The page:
L+D Pros – Here’s How to Ensure You’re Seen as a Strategic Partner.
November 18, 2016
A common problem learning and development professionals face is that the organization occasionally treats them more as a service provider than a strategic partner.
For example, a head of engineering will come to the L+D team and say they have a certain need, with a solution in mind. They’ll say their engineering team needs to communicate better and for the L+D team to create a communication class in response.
And you know what’s likely to happen without further exploration? It probably won’t solve the real problem, and later the training will be deemed a waste of time, or worse, the L+D program will be seen as ineffective, according to learning and development consultant Britt Andreatta, in her LinkedIn Learning course Organizational Learning and Development.
Instead, L+D pros need to overcome this dynamic and ensure they are seen by the organization as consultants who partner with department heads. This allows the L+D team to address the root causes of problems, and drive long-term health and success of the organization, Andreatta said.
And there’s a simple process to make sure that happens.
How an L+D pro can ensure they are seen as a strategic partner.
When a department head comes to their L+D lead with a specific need, it’s time for the L+D lead to establish himself or herself as a consulting partner. The reason is problems are often complex, and require a strategic training solution to fix them, Andreatta said.
Say the head of engineering comes to an L+D pro with a solution on how to fix a problem, a common situation – “We need a class on communication”. Rather than accepting that solution, the L+D lead should dive deeper by asking some key questions.
These questions identify not only what the current state is, but they focus in on what the ideal state looks like. And this includes getting clear on measurable metrics, as well as specific words and actions employees need to be doing.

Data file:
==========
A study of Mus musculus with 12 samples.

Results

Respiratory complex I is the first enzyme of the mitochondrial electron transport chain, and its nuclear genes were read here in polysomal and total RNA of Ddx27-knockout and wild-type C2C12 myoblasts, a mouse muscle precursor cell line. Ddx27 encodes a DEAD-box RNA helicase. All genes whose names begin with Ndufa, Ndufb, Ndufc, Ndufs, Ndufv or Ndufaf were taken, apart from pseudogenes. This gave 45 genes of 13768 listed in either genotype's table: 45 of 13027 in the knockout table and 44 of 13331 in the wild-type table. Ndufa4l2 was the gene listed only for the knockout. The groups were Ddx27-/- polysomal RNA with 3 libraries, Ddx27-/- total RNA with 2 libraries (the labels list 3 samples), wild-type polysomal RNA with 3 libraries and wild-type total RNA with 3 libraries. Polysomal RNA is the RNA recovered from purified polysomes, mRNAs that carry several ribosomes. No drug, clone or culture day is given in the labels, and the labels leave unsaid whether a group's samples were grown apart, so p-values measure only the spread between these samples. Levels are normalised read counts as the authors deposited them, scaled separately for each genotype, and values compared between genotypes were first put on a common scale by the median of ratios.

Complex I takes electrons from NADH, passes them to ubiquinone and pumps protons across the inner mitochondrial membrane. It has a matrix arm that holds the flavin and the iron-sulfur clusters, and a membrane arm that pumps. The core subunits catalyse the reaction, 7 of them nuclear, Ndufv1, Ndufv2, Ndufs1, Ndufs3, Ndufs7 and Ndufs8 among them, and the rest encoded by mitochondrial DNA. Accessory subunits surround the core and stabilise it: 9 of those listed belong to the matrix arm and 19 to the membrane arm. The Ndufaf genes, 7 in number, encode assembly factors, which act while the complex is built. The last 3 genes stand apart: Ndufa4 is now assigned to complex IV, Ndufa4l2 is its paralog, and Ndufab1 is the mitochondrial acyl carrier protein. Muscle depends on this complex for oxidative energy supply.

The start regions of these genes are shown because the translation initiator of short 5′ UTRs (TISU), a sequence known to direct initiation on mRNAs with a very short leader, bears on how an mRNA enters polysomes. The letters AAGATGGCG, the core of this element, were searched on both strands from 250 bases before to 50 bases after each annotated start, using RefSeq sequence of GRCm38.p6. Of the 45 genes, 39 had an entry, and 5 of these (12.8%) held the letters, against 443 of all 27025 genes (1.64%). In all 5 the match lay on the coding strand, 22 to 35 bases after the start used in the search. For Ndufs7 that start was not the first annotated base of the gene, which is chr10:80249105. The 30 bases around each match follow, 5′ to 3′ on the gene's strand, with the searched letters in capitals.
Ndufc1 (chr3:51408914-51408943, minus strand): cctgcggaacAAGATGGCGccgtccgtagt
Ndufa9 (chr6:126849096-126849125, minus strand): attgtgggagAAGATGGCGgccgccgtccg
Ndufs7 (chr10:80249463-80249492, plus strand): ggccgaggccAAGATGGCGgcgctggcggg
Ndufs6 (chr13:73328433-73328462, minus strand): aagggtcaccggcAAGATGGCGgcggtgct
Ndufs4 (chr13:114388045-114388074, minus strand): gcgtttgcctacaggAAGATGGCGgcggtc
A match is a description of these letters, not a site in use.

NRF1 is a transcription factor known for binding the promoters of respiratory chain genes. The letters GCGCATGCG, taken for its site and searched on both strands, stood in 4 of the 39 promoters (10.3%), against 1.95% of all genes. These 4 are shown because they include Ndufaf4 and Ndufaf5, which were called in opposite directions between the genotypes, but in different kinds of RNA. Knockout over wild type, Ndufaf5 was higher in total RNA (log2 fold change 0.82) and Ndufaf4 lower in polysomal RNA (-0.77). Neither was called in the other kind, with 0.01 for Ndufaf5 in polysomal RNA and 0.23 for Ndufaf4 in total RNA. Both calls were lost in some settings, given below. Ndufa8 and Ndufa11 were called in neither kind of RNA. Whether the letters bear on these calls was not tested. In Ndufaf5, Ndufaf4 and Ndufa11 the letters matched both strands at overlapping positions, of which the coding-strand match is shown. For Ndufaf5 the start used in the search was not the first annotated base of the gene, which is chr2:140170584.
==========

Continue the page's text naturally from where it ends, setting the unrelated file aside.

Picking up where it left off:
What questions should the L+D lead ask that director of engineering? The main topics to cover are:
- What is the problem
Ask the director of engineering to walk you through exactly what the problem is that he or she is trying to solve. Rarely is it as broad as “communication.”
Instead, normally it’s something more specific, like two departments within engineering are doing a poor job collaborating. The clearer the picture you can get here, the better.
- Who exactly needs the training
Once the problem is clarified, the next step is focusing on who precisely needs the training. Using the same example, if the problem is that developers and operations aren’t working well together, the training should be focused on those two teams.
Going deeper, the next step is to find trends within those departments. For example, maybe remote employees are particularly prone to this problem, or new hires. That can inform your training to both solve that problem and to avoid it in the future.
- What the desired outcome is
Next, the L+D lead should find out what the director is trying to achieve. Two great questions to ask here – “What would it look like if everyone was performing optimally?” and “How would you measure this?”.
A good follow-up question to ask is if there is anyone within the department that’s doing a great job at whatever the director wants to fix. Those people are good to consult with when designing a solution, and perhaps could play a part in the training.
- What the ideal solution should look like
Finally, it’s time for the L+D pro to include the director in the solution. Some good questions to ask here are:
o Based on what we have discussed so far, do you have any new perspectives or ideas about the solution and how to solve it?
o Based on how your team works, what length and method of training would be best?
o Is there anything else we need to learn to design the best solution possible?
Next comes designing the solution
Once your meeting is over, it’s time for you to design a solution. Use the information you have already gathered, including insights you gained from people who are doing things well and who are struggling. Map out the content, form and delivery of the solution.
Once you have a solution designed, share it with the director you are partnering with and incorporate any feedback. From there, it’s time to provide the training and see if the key metrics start to improve.
If the key metrics start to improve, good work! While there might be some room for fine-tuning, you’ve done your job well.
If those key metrics don’t improve, it’s time to reiterate. By garnering feedback from both the director and the people who participate in the training, you can propose a solution that will work better.
Tying it together
The bigger point here is that some organizations tend to treat L+D pros more as order-takers. That’s not a good dynamic, as L+D departments are critical partners to any business, and provide solutions critical to improving the bottom line.
To make that happen, L+D pros need to overcome any organizational structures and ensure their talents are being maximized. And that happens by following the process above, and delivering learning solutions that have definitive business impact.
*Image by Scott, Flickr
Interested in hearing more from Britt Andreatta? Watch her full course, Organizational Learning and Development, or download her guide on how to build a culture of learning at your organization.